NASA Artemis I Mega Moon Rocket Test Encounters Lightning & Pressure Issues

By Poornima Rawat / Technical Correspondent THE GPS TIME

NASA has called off the wet dress rehearsal of the Artemis I Mega Moon Rocket on Sunday because of the lightning and pressurization of the mobile launch vehicle, but the rehearsal is expected to resume soon on Monday.

This rehearsal had been necessary for NASA to test out every system before leading up to launch of its Mega Moon Rocket, Space Launch System (SLS), without actually launching the rocket. But due to the safety concerns with ground equipment on booster’s mobile launcher platform, the critical fueling test of Artemis 1 moon rocket was cancelled.

The Mega Moon Rocket known as Space Launch System (SLS) was planned to fuel with 700,000 gallons (2.6 million liters) of super-cold propellant by the Technicians on April 3, Sunday at NASA’s Kennedy Space Center (Florida) Pad 39B. This fueling test was the final stage of the wet dress rehearsal which is designed to test the launch countdown process for NASA’s Artemis 1 mission to the moon going to take place later this year.

According to NASA, the Artemis 1 rocket’s mobile launcher, a platform providing all the vital connections to the rocket that includes its gantry tower and other vital equipment lost the ability to pressurize because of the problems with two fans that are designed to create the positive pressure and keep out all the harmful gases.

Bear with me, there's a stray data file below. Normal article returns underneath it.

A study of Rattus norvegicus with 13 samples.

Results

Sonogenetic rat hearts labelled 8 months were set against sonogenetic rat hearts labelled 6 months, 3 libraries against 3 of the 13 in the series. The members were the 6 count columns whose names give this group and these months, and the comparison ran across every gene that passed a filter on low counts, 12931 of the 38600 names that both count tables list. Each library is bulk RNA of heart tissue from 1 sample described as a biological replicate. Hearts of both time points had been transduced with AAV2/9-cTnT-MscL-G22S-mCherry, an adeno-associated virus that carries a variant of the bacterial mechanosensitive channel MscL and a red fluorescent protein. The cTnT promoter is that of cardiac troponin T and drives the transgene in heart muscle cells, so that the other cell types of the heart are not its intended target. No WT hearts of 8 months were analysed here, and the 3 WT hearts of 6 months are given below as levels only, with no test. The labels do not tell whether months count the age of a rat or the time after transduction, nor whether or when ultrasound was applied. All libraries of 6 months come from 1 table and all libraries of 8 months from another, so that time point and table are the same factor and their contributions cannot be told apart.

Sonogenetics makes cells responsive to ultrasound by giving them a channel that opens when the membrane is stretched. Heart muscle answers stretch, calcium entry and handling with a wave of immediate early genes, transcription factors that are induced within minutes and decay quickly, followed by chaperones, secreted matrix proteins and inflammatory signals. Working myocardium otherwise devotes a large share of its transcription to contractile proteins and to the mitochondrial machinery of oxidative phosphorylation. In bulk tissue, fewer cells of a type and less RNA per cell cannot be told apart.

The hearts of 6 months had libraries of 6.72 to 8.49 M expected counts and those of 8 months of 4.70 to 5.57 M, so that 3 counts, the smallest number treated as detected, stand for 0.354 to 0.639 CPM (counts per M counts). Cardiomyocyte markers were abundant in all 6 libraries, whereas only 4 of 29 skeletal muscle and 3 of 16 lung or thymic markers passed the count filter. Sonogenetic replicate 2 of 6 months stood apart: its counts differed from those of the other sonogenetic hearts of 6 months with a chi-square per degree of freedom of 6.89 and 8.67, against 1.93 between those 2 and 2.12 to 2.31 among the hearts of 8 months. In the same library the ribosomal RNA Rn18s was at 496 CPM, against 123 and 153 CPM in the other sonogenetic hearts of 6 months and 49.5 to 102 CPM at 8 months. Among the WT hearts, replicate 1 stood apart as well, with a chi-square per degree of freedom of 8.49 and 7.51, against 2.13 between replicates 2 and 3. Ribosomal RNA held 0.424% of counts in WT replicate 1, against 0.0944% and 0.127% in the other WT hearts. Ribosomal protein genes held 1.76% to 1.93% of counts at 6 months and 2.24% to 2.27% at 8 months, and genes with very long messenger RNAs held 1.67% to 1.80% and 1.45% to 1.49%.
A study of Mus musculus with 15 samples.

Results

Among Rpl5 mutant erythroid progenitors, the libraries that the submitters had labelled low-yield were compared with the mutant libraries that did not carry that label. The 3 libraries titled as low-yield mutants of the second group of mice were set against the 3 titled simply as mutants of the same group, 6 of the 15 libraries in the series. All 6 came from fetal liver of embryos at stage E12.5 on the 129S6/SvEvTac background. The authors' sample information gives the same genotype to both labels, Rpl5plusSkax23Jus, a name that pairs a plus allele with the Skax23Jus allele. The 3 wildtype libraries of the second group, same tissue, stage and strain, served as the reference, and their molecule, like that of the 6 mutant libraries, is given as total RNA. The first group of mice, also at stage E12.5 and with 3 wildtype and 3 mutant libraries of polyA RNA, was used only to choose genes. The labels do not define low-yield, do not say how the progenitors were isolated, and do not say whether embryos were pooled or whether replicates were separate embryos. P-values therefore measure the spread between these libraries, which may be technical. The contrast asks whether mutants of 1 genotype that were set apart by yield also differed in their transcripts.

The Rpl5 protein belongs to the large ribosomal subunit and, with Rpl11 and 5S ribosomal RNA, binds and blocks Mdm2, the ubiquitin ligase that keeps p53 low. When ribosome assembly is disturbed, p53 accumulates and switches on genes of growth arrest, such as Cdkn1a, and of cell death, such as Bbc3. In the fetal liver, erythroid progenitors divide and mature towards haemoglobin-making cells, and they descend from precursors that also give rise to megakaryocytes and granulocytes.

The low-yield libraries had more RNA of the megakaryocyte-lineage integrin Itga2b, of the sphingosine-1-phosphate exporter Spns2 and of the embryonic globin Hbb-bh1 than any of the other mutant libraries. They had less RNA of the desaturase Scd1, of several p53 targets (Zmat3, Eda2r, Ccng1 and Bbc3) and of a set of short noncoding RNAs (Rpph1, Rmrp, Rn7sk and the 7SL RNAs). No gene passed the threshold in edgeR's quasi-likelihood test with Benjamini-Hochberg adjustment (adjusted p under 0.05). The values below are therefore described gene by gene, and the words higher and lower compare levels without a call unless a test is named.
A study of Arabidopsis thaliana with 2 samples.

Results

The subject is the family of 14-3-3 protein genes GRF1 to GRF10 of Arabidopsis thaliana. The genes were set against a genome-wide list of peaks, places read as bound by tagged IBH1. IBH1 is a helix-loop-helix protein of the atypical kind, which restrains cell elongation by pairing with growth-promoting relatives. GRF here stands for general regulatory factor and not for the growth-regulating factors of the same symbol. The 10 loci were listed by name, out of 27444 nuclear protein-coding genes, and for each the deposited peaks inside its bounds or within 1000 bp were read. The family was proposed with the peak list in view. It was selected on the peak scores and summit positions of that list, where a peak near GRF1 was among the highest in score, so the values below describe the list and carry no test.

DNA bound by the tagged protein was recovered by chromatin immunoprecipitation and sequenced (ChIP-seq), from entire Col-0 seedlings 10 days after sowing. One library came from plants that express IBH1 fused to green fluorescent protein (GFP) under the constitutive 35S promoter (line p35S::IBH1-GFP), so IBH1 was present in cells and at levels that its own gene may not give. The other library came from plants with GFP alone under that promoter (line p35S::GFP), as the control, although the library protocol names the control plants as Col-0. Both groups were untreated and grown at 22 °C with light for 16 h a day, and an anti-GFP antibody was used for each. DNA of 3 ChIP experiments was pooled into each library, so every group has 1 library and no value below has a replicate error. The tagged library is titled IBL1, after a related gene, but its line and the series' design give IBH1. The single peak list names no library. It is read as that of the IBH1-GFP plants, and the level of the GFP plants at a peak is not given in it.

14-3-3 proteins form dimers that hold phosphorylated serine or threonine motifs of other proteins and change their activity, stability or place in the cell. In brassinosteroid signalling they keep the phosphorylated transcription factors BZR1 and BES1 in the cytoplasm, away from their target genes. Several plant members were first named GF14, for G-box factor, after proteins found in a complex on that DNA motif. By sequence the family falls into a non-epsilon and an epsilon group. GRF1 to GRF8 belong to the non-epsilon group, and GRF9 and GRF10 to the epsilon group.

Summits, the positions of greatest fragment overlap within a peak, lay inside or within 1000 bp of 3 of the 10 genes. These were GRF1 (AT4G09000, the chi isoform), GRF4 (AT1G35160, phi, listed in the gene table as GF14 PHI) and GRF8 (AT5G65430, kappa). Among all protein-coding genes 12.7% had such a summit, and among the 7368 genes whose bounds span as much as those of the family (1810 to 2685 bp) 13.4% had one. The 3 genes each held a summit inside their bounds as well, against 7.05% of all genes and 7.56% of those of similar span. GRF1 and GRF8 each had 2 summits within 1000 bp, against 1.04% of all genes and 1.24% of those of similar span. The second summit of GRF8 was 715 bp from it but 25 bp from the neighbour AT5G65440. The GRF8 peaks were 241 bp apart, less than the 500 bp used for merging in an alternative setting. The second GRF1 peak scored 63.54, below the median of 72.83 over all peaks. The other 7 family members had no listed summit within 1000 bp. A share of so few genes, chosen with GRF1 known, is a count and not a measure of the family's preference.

The launch director of the Artermis, Charlie Blackwell-Thompson said that the team has decided to stand down to troubleshoot the issue and will make another try on Monday. During the media teleconference of NASA, Artemis I mission manager, Mike Sarafin said that they will work through these issues and very soon they are going to resume the operations.

Though some technical pressure issues faced by Artermis, but there was also some weather related problems. The severe weather resulted in four lightning strikes around the Launch Complex 39B pad perimeter. The fourth lightning strike was the strongest among the rest appeared before. It did no damage to SLS rocket and the Orion capsule, but the weather set the team back by about four hours.

NASA will attempt to finish the wet dress rehearsal on Monday (April 4), expected to begin around 7 a.m. EDT (1100 GMT).